April 22—Earth Day—falls on a Monday this year.

Mondays are great days for starting something new or for renewing commitments to living green and clean. For high school students and their parents, it is also a chance to connect on something other than school. Get outside, get your hands dirty, and get back to basics.

How will you celebrate this Earth Day?

We have six great ideas for you.

1. Plant a Tree

Of course, you don’t have to limit yourself to just one tree. You could plant a whole garden.

There are a host of flowers, fruits, and vegetables that love our Texas climate. Let the Farmer’s Almanac direct you toward what particular vegetables love your Texas town.

If you only have a tiny bit of space, you should check out square foot gardening. Or consider setting up a lovely window box or container on your patio.

The point is to help return the Earth to its greenest by growing some plants. Gardening is also very relaxing and slowing down can help teens cope with the busy times of life.

2. Take a Walk

Specifically, consider walking to school or to work on Earth Day. Cars are one of the world’s most significant pollutants.

If you can’t walk, cycle. If you can’t cycle, take public transportation or carpool. There are plenty of ways to acknowledge that vehicles contribute to the problem.

When you’re done with your day’s commitments, choose to take a walk. Going outside and appreciating the weather, the plants and animals, and your surroundings—whether you’re in an urban, suburban, or rural area—will give you some perspective about the Earth’s beauty.

Bonus points if you bring binoculars or stargaze after sunset.

A walk also gives you and your teen an opportunity to talk in a different environment. Leave the college questions at home though.

3. Register for a 5k

A great way to maximize your commitment to walking is to sign up for a 5k.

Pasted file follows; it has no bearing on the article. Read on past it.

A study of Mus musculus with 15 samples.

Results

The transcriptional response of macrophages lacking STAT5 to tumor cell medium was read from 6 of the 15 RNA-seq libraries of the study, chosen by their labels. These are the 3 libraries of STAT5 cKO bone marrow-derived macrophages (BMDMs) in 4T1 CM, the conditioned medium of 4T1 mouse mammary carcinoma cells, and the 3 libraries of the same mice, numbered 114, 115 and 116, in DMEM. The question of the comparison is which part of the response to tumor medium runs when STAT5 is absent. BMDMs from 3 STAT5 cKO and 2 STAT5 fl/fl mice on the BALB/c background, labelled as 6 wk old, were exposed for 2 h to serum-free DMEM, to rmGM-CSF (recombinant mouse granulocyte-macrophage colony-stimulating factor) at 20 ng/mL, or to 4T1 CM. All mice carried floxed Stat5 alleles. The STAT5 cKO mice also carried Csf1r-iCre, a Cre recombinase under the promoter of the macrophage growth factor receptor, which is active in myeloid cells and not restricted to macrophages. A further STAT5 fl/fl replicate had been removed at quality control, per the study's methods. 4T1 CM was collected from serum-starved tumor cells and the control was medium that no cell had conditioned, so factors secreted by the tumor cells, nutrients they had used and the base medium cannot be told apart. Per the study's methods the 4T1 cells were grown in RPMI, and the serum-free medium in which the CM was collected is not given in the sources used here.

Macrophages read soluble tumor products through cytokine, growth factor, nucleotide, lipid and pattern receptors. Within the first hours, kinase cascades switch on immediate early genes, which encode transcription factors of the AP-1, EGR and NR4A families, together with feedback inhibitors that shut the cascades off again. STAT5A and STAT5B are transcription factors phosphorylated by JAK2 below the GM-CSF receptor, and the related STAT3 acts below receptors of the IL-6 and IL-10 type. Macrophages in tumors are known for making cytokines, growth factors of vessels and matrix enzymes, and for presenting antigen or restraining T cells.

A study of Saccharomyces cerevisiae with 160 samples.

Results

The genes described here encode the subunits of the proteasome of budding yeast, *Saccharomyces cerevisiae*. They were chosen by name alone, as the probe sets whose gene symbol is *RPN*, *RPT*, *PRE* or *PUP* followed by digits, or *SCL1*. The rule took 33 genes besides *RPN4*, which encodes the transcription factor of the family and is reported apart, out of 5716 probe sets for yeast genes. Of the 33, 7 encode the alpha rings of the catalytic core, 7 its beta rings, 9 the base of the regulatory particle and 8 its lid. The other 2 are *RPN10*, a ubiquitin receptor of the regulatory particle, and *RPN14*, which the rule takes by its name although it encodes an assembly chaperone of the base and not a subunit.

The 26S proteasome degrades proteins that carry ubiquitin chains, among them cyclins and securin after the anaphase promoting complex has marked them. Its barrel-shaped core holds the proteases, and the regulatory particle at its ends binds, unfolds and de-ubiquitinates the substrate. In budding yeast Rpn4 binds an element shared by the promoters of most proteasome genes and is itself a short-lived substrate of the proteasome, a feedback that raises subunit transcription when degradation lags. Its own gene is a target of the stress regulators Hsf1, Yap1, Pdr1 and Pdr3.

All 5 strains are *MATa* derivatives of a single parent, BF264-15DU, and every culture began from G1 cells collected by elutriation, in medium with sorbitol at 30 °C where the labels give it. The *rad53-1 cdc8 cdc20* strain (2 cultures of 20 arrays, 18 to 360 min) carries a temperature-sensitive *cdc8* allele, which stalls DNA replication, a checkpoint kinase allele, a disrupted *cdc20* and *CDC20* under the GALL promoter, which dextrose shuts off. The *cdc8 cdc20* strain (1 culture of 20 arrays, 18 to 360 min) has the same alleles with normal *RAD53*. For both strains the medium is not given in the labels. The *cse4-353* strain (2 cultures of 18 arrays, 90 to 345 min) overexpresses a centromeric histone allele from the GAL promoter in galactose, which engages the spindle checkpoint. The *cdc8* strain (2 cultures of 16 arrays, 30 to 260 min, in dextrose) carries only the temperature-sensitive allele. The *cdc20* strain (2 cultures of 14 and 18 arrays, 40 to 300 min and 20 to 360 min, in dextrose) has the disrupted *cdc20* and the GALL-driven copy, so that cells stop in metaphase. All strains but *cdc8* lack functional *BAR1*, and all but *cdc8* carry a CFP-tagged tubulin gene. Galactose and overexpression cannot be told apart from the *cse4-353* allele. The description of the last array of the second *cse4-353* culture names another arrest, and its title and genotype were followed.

One mile takes 2,000 steps, so for those of you checking your Fitbit, you’ll get about 6,000 steps out of the 3.1 miles.

It’s easy to find DFW Races. In fact, it’s hard not to find them. There are dozens of races held every weekend, many of them to support excellent causes.

If you’ve never participated in a 5k, you’re in for a treat. The festive atmosphere, your encouraging fellow participants, and the adrenaline rush you’ll feel after completion all make the registration worthwhile. It’s a perfect opportunity to spend time with friends and family doing a physical activity that supports the Earth and other worthy causes.

(Usually, the more participants you register at once, the more likely the ticket price will be reduced. So get a bunch of friends to go with you!)

4. Go Paperless

Every year, Americans use an average of 700 pounds of paper products per person. Not all of that makes its way to the recycle bin either.

Most of the time, there’s no good reason to use that much paper.

  • Reduce your mail. Opt out of junk mail and ask for your financial statements to be delivered digitally.
  • Digitize your documents. Scan and save important papers and recycle the rest.
  • Subscribe online. Nearly all newspapers and magazines have an online option, and it’s usually less expensive.
  • Purge the junk drawer. All those receipts, to-do-lists, recipes, and paper odds and ends aren’t doing you any good.

Try to spend this Earth Day using no paper at all. It’ll reveal many ways that you can avoid paper use in the course of your ordinary Monday.

Teaching your teen to live a less cluttered lifestyle is a great gift that can lead to lower stress levels throughout life.

5. Switch to Reusables

Here are five easy things to stop wasting.

  1. Paper cups. Get yourself a durable coffee cup.
  2. Plastic water bottles. Get yourself a glass water bottle.
  3. Plastic grocery bags. Get yourself canvas grocery bags.
  4. Paper towels. Get yourself fabric kitchen towels.
  5. Paper napkins. Get yourself cloth napkins. They look nice too!

Not only do reusables save the Earth, but they also save you money—sometimes to the tune of hundreds of dollars a year. Just think of it as college savings.

6. Attend Earth Day Exhibits

Check out some of these fantastic local Earth Day exhibits to learn about how you can adopt green technology in your everyday life.

Eventbrite has a long list of events you can search. So does CBS local.

There’s the EarthX Advocacy weekend full of events. There are exhibits hosted by cities for residents to learn how to use less water or recycle electronics. There’s information about electric cars, a ton of 5k options, and even goat yoga.

You don’t want to miss the goat yoga, do you?

This Earth Day, spend some time examining your lifestyle to consider how you can use less paper, rely less on transportation, get outside more, and reduce waste.

You’ll also find ways to de-stress, connect, and leave a better world for your teen to enjoy. That’s something to celebrate.